At the turn of the 20th century cities were dirty places to live. Coal was the primary fuel for industry and heating, while horses and wagon were the primary means of transport. This mean that industrial cities had very polluted air and streets. Citizens suffered under all this pollution and desired change. When the automobiles promised to solve cities horse manure problems, the transition went very quickly. In 13 years 5th avenue in New York went from no cars to no horses. Can you can see on the picture below. Change can go very fast if society wants it.
When the car first became popular people had no idea of the negative effects it would have on health outcomes. The consequences of particulate matter (PM) were unknown. And as opposed to horse manure, exhaust emissions were invisible. One hundred years later we now know better. The World Health Organization has calculated that there are more people dying from toxic air, from car exhaust and pollution than from car accidents. That is more than 1 million deaths per year.
PM is so harmful because they are so small that they can be inhaled. The tiniest of these named PM10 pose the greatest problems as they get deep into the lungs and blood stream. Which leads to heart and breathing problems. Heart disease being the leading cause of death worldwide. And the number of people with breathing problems such as asthma is increasing. Other negative effects of PM are reduced visibility such as smog, depleted nutrient balance in soils and ground water, as well as acid rain.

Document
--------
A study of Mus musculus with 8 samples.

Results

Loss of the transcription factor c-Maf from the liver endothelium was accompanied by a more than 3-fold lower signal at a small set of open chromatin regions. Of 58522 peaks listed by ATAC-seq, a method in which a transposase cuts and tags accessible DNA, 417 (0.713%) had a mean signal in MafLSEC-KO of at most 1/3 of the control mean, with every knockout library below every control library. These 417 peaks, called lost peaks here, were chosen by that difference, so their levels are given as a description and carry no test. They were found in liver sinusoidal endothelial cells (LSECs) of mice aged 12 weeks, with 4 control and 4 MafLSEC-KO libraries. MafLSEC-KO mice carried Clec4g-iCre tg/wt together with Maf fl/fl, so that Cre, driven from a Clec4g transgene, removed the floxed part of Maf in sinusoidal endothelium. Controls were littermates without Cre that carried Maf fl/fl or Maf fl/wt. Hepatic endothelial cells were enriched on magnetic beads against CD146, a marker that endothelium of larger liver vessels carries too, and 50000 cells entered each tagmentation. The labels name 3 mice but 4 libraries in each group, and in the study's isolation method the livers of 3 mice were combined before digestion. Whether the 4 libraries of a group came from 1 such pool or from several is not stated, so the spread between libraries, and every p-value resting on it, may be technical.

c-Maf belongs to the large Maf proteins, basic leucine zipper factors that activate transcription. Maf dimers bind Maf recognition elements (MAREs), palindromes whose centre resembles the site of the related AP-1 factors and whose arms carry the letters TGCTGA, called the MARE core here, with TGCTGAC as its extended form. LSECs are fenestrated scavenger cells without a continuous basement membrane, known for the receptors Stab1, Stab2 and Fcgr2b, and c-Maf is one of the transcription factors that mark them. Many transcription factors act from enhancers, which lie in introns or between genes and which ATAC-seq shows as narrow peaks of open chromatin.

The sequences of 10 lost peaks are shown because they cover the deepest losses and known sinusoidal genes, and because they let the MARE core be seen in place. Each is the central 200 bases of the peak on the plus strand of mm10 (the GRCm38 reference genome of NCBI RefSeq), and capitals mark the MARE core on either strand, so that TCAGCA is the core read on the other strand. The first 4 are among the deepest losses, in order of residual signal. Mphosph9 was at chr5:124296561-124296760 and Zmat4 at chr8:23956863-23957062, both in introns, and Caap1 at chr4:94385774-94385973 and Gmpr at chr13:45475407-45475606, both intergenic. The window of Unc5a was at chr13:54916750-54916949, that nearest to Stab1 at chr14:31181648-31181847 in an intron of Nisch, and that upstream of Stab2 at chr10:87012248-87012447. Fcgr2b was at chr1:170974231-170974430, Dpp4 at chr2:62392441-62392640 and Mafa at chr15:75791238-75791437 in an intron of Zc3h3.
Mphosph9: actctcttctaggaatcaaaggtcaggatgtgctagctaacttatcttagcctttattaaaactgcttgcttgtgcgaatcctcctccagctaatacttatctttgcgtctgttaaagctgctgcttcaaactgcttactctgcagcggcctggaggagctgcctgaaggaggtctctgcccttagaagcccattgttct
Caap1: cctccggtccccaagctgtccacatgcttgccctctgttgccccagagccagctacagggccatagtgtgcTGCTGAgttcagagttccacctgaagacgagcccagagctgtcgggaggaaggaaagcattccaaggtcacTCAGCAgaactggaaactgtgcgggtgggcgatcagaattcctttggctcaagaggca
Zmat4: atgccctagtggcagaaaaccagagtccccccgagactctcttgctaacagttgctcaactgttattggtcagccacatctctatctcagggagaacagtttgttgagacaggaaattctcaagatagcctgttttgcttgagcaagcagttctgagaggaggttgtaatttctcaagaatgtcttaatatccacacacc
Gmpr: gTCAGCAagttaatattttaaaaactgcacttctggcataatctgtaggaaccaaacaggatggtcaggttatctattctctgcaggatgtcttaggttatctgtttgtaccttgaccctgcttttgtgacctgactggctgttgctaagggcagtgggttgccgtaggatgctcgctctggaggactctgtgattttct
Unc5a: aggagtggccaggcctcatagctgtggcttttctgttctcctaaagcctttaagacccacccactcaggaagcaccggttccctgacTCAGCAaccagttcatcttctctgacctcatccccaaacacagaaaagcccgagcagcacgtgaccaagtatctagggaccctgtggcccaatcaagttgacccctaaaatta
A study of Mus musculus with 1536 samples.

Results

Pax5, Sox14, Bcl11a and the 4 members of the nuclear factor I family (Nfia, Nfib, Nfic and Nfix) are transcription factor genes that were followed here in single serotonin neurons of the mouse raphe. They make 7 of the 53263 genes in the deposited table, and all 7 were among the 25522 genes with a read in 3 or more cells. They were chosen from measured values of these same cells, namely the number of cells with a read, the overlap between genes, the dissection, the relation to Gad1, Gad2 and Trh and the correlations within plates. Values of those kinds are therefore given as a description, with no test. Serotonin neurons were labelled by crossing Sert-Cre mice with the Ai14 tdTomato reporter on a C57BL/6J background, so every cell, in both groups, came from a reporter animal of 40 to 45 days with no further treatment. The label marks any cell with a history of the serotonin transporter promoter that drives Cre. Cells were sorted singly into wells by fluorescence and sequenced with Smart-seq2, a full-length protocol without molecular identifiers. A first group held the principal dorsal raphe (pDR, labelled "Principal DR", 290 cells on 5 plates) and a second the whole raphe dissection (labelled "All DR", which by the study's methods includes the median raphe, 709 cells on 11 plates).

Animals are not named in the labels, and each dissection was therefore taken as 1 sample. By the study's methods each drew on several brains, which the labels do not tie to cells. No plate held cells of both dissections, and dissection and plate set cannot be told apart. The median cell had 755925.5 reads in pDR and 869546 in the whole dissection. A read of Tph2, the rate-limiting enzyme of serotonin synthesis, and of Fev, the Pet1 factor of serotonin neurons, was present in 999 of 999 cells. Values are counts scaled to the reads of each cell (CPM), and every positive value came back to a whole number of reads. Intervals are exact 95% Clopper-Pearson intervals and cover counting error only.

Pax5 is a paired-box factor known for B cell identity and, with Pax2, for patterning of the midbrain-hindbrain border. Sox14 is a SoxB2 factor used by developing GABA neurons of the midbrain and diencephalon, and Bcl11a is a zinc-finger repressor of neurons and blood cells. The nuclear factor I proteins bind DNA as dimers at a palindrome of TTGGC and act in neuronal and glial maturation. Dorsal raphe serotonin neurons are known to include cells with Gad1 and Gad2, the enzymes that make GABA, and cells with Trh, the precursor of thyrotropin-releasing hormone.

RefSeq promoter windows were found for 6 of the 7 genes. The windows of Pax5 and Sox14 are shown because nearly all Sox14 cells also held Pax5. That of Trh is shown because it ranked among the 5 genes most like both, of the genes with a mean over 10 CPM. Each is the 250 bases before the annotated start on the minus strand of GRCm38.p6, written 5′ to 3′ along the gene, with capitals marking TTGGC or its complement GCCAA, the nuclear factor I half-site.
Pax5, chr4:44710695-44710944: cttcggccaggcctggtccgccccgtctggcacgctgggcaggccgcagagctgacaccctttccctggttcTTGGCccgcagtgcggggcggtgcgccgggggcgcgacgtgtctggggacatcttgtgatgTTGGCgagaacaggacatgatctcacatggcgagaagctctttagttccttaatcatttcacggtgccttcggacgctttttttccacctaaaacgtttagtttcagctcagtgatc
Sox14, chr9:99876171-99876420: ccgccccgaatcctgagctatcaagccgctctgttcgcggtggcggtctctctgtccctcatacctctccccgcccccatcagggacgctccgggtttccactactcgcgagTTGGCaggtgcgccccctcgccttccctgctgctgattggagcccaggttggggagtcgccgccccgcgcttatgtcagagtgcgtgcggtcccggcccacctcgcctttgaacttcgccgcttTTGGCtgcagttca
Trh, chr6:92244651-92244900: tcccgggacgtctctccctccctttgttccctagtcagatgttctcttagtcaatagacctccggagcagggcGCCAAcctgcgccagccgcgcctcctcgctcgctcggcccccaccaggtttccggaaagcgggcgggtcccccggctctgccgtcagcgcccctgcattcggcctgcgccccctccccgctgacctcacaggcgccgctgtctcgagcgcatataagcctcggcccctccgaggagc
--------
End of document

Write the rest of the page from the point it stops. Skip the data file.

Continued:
Particulate matter can come from many sources. These are classified into primary and secondary sources. Primary sources include the burning of fuel for transport, industrial, commercial or domestic purposes. Abrasion of tires and brake pads. Or natural sources such as sea spray or desert dust. The destruction of buildings also produces a lot of PM. Secondary PM sources are chemical compounds that react with the air in the atmosphere to become PM. These are pollutants such as sulphur dioxides (SOx), nitrogen dioxides (NOx), volatile organic compounds (VOCs), and ammonia.
The problem with emission is that for the most part they are invisible. Nowadays we can measure them on a street level. Particulate matter measuring stations have sprouted up everywhere unnoticed. And “if you can measure, it you can fix it.” Some regulators have set legal limits for pollutants, and if pollutants exceed certain levels roads can be closed to non-zero emission vehicles. Similar to a speeding ticket, a car that are exceeds emission limits will have to pay a penalty. Pollution is a killer argument for change in cities today as it was one century ago.